SHRM data from its human capital database indicates that the recession influenced hiring, turnover and profits. The data show that hiring plummeted by 30% from 33 to 23 as a median number of positions filled, while revenue per FTE declined from $200,000 in 2006 to $126, 984 in 2008 and net income declined by more than half -- from $1,648,000 to $800,000 -- during the same period. The data also revealed a decline in turnover, most likely because the scale of the downturn hit all areas of the job market, leaving few job openings for which to apply, even for educated and skilled job seekers. As such, employee turnover dropped from 16% in 2007 to a low of 8% in 2009.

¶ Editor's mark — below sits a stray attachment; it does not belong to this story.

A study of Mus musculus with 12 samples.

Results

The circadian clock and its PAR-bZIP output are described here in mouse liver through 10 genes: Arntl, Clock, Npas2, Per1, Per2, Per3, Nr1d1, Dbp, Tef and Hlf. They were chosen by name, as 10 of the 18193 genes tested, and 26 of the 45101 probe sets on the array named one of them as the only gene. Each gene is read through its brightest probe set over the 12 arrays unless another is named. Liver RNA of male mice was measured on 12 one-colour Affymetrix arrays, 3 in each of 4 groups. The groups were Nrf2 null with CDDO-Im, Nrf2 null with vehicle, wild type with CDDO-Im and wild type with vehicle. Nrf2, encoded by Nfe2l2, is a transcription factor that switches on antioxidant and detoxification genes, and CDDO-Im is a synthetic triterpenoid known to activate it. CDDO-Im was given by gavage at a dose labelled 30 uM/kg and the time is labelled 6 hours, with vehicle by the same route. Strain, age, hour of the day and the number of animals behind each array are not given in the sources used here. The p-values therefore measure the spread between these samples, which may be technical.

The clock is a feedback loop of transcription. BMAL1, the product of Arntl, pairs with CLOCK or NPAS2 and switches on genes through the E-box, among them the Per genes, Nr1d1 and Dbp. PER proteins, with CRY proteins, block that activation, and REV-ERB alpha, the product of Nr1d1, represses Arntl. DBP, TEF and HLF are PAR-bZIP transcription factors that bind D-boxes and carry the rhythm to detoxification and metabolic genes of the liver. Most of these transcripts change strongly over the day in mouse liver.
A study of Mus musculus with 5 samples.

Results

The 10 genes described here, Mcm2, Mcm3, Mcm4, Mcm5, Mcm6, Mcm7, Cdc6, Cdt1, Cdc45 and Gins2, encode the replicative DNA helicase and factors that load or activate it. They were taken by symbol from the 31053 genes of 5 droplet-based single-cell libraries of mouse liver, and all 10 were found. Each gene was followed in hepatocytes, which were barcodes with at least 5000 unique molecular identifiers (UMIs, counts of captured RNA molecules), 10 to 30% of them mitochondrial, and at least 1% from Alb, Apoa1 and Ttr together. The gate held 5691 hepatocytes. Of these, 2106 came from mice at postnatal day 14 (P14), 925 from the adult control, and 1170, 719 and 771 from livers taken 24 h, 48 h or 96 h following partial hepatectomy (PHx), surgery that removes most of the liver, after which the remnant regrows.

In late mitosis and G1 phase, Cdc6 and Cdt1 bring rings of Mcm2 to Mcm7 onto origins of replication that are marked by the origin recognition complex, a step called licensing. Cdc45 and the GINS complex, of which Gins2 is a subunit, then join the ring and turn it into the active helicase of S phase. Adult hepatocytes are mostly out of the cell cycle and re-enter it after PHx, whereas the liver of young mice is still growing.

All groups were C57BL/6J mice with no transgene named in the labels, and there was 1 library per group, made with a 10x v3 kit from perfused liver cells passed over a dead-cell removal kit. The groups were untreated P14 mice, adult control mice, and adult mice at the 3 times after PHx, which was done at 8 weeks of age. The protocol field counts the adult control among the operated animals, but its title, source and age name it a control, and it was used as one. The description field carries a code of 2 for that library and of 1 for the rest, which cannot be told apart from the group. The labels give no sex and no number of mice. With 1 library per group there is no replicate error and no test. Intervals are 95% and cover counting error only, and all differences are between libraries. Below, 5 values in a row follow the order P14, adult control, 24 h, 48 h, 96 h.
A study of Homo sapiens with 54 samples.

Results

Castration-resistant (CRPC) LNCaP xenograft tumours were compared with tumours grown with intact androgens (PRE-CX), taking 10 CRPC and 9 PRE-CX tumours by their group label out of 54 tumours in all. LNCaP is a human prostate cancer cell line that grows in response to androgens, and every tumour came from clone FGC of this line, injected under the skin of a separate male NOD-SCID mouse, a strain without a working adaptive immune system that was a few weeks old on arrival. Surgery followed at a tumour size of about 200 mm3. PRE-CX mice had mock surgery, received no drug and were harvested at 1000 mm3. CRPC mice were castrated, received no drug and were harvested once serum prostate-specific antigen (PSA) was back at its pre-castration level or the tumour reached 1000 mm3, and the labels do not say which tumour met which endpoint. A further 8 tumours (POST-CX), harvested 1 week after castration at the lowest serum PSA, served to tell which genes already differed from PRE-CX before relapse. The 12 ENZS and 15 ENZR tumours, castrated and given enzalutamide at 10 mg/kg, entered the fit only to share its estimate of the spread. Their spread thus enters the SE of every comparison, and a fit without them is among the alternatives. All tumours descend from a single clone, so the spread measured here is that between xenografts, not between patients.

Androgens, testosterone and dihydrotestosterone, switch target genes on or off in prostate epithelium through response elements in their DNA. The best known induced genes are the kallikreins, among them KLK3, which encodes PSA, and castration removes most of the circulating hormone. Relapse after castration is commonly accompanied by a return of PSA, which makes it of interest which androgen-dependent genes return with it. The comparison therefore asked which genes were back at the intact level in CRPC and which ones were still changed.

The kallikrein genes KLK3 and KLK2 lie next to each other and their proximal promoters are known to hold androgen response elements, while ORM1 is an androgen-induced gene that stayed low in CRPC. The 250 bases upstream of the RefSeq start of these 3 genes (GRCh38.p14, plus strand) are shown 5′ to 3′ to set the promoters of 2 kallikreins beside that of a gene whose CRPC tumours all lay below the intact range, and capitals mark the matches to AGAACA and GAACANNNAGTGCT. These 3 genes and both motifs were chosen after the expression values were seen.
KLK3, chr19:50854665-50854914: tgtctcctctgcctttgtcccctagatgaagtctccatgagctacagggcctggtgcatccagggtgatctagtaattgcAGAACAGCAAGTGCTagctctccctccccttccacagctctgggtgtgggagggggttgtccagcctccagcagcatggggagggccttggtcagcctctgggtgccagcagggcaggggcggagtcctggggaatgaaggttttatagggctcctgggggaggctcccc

If the job market begins to recover, organizations are likely to see their turnover rates begin to climb. This is causing some organizations to consider what they can do to avoid losing their most valued employees.
Concern about the impact that the long recession has had on employee morale and engagement will influence HR decisions throughout 2010. In the early part of the year, employers may be relying strongly on their current workforce, at a time when many may be reaching burnout or looking for opportunities elsewhere. Not only has the recession been a long one, with employees dealing with significantly heavier workloads for extended periods as their organizations have attempted to make do with leaner operations, but many organizations have implemented additional measures such as salary freezes, furloughs, reduced retirement and health benefits, and reductions in working hours.
For more analysis of turnover trends in post-recessionary economy, see the full version of Workplace Visions, available from the SHRM web site.